Top Developers Explain Why The Apple TV Isn’t Great For Gaming (Yet)

Back in 2015, while unveiling its fourth-generation Apple TV running tvOS, the company expressed hope that given the platform’s iOS-derived app-based interface, game developers would ultimately come around to building some pretty awesome single- and multi-player titles for the burgeoning platform.

In light of its advanced software capabilities and powerful internal components like a zippy A8 CPU, the fourth-generation Apple TV is certainly a prime device for game developers to tap into (and it even works with select third-party gaming controllers, for players wanting a more realistic gaming experience on the big screen).

And while tvOS has seen a decent influx of new and ported titles from iOS game developers, some of those devs continue to express concern for the future of Apple TV gaming, while others remain hopeful, according to a new ArsTechnica reportwhich details the responses of three well-known game developers who expressed mixed feelings about Apple TV’s role as a gaming rig.

What Are Developers Saying About Gaming on Apple TV?

Indicating that while he wasn’t “shocked” to hear news that Microsoft (developers of the popular Minecraft franchise) would be ending support for their title on Apple TV soon, Ryan Cash, the top developer with Team Alto, told ArsTechnica he remains “optimistic about the platform’s future” in gaming.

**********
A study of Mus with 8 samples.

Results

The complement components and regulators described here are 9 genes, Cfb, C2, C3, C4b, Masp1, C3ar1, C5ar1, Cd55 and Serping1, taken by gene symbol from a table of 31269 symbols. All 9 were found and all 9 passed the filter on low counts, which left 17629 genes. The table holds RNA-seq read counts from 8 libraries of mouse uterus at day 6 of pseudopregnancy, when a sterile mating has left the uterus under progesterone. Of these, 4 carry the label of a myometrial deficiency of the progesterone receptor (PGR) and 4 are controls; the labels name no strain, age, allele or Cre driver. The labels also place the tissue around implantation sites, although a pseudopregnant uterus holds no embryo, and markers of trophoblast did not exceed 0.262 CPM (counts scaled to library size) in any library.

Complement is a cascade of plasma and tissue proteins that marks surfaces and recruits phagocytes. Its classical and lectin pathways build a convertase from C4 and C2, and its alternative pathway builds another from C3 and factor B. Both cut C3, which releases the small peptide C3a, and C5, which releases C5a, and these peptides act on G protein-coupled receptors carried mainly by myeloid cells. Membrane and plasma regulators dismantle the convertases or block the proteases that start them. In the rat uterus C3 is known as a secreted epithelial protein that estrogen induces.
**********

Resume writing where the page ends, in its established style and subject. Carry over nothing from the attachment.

“It doesn’t shock me,” Cash said, referring to the news of Minecraft’s looming tvOS demise. “I mean, for a game of that magnitude, I can see why they may not find the platform successful. If I were in charge of the game though, I think I’d really try to stay there.”

“While the platform certainly isn’t the biggest, it continues to grow, and it’s a great way for certain types of audiences to experience gaming, often for their first time,” Cash added.

Back in February, Cash and his crew at Team Alto released the sequel to their popular Alto’s Adventure game for iOS — Alto’s Odyssey, which Cash expressed was a “success” in the ArsTechnicainterview — though he stopped short of elaborating. Alto’s Odyssey is available for iPhone, iPad and Apple TV as a $4.99 download from the App Store.

Another developer interviewed was Aaron Fothergill — the CEO of Strange Flavour games — who told ArsTechnica that while Apple TV is “easy to write for,” he wasn’t expecting his firm to rake in “millions, or even hundreds of thousands” by selling their iOS games ported to the tvOS platform.

When questioned about his thoughts on Microsoft’s decision to end support for Minecraft on Apple TV, Fothergill interestingly explained how he believes the decision may have been “politically motivated,” saying specifically that “It’s not like Minecraft needs a lot of support other than a server, even if they don’t update the Apple TV version.”

“So the thought that it might be political definitely crossed my mind.”

Three Things Apple TV Needs for Gaming

Developer Patrick Hogan was thorough and concise when he explained to the publication that Apple must do “three things” to revitalize Apple TV gaming:

It must include an Apple-branded and “full-featured” gaming controller in the box.

It must start marketing tvOS as an official gaming platform.

And finally it must “spend a lot of money on funding platform exclusives, ports, and presence at every major gaming expo and conference to break the chicken-egg problem of getting customers to make it viable to devs.”